Who is Jerry A. Hausman?
Jerry A. Hausman is an economics professor and director of the MIT Telecommunications Economics Research Program. Dr. Hausman's research has focused on applied microeconomics, econometrics, differentiated products, telecommunications, taxation, energy, aging, and the environment.
- Jerry Hausman is a professor of economics and applied econometrician at the Massachusetts Institute of Technology (MIT).
- Hausman is well known for his work in developing the Durbin-Wu-Hausman test for statistical model specification.
- His applied research includes extensive work on the economics of the telecommunications industry and the estimation of price indexes.
Life and Career
Born in West Virginia in 1946, he first joined MIT in 1973 as an assistant professor. Dr. Hausman holds a Ph.D. from Oxford University, where he was a Marshall Scholar. He has earned numerous awards, honors, and fellowships, including the John Bates Clark Award and the Frisch Medal. Dr. Hausman is widely published and has been an associate or advisory editor for numerous economics journals.
Proving that a cerebral economist of his magnitude can be deployed behind the scenes in business, Dr. Hausman has been a consultant for retailers including Starbucks, Kellogg's, Anheuser Busch, Tesco's, and Home Depot. In 2018 he was hired as a scientific advisor by Teikametrics, a Retail Optimization Platform (ROP) for sellers on Amazon and other marketplaces. "There is an opportunity to help millions of sellers using data and econometrics to help them make better decisions on pricing, advertising, and inventory selection. The technology we are building at Teikametrics is helping retailers and brands compete in this dynamic new retail economy - this is the future of retail," Hausman said in a statement. Having an advisor like Dr. Hausman to apply advanced data science techniques within the Amazon ecosystem should only make the online juggernaut even more formidable.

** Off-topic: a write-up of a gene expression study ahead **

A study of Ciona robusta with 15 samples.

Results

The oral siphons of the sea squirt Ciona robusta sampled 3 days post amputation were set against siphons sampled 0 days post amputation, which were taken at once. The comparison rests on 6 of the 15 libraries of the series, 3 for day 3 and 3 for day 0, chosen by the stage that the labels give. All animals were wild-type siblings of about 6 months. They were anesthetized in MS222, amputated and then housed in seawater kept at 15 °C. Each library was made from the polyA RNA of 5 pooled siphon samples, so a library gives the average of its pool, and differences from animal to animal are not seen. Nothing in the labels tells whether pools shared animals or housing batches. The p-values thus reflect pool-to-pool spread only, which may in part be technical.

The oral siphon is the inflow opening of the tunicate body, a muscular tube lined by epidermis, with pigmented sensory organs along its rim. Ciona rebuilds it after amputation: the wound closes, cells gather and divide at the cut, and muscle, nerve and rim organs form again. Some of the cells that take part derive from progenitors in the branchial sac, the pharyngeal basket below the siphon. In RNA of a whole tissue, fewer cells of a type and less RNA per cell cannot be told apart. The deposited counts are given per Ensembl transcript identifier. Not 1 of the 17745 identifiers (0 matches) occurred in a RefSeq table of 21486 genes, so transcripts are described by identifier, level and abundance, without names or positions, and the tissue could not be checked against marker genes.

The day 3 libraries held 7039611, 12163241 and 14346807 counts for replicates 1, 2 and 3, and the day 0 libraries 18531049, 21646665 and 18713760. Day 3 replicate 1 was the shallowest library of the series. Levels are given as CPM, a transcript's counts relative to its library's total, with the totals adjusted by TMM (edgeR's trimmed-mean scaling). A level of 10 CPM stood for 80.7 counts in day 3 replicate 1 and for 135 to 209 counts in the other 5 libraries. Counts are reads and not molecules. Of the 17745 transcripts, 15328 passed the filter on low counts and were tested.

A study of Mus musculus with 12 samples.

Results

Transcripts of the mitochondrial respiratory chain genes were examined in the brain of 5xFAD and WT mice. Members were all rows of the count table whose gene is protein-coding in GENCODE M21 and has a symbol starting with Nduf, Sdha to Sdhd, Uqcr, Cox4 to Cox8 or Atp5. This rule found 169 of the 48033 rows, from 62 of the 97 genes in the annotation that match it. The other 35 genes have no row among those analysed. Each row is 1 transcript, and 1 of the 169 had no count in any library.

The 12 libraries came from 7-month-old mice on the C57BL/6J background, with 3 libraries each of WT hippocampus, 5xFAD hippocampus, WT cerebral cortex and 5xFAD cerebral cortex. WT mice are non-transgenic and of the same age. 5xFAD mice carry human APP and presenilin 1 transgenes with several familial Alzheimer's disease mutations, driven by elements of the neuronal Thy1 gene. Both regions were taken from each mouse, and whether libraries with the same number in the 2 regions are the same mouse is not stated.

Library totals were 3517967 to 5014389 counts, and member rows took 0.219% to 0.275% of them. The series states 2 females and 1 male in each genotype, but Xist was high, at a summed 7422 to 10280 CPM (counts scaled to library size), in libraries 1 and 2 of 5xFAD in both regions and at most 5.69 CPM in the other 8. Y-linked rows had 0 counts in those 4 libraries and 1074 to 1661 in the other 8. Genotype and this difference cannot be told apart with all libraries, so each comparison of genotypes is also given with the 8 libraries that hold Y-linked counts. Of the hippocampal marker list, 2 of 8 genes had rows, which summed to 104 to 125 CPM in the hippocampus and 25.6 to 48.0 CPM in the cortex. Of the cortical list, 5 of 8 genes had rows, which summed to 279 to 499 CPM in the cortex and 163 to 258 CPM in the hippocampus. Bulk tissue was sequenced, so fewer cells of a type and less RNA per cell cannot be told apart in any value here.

Hausman has written numerous research articles in theoretical and applied econometrics. He is most well known for his work in developing the Durbin-Wu-Hausman test, and has also done extensive research on the telecommunications industry and on the estimation of price indexes.
This well-known statistical test shows the extent to which statistical models correspond to the data under study. Known as the Durbin-Wu-Hausman test, it is a test for endogeneity in an econometric model and is helpful for statisticians in determining whether a model will ultimately be effective in calculating p-values, basically the bottom line for statistical significance or non-significance.
Hausman is a recognized expert in the economics of the telecommunications industry. His applied research in this area has ranges from the effects of taxation and regulation in the industry to the welfare benefits to consumers of innovation in cellular telephones and networks. For example his work on telecom taxation has demonstrated that taxes on wireless services can impose a far greater burden on the economy than the revenue they raise for governments.
Hausman’s recent work has also included a focus on price indexes, such as the Consumer Price Index (CPI), and the benefits to consumers that result from lower prices through large discount retailers. His research indicates that failing to properly account for the lower prices offered by retailers such as Walmart supercenters, the resulting changes in shopping patterns as consumers take advantage of the lower prices, and the improvement in the quality of differentiated products and services offered by these outlets all introduce substantial upward bias into the CPI.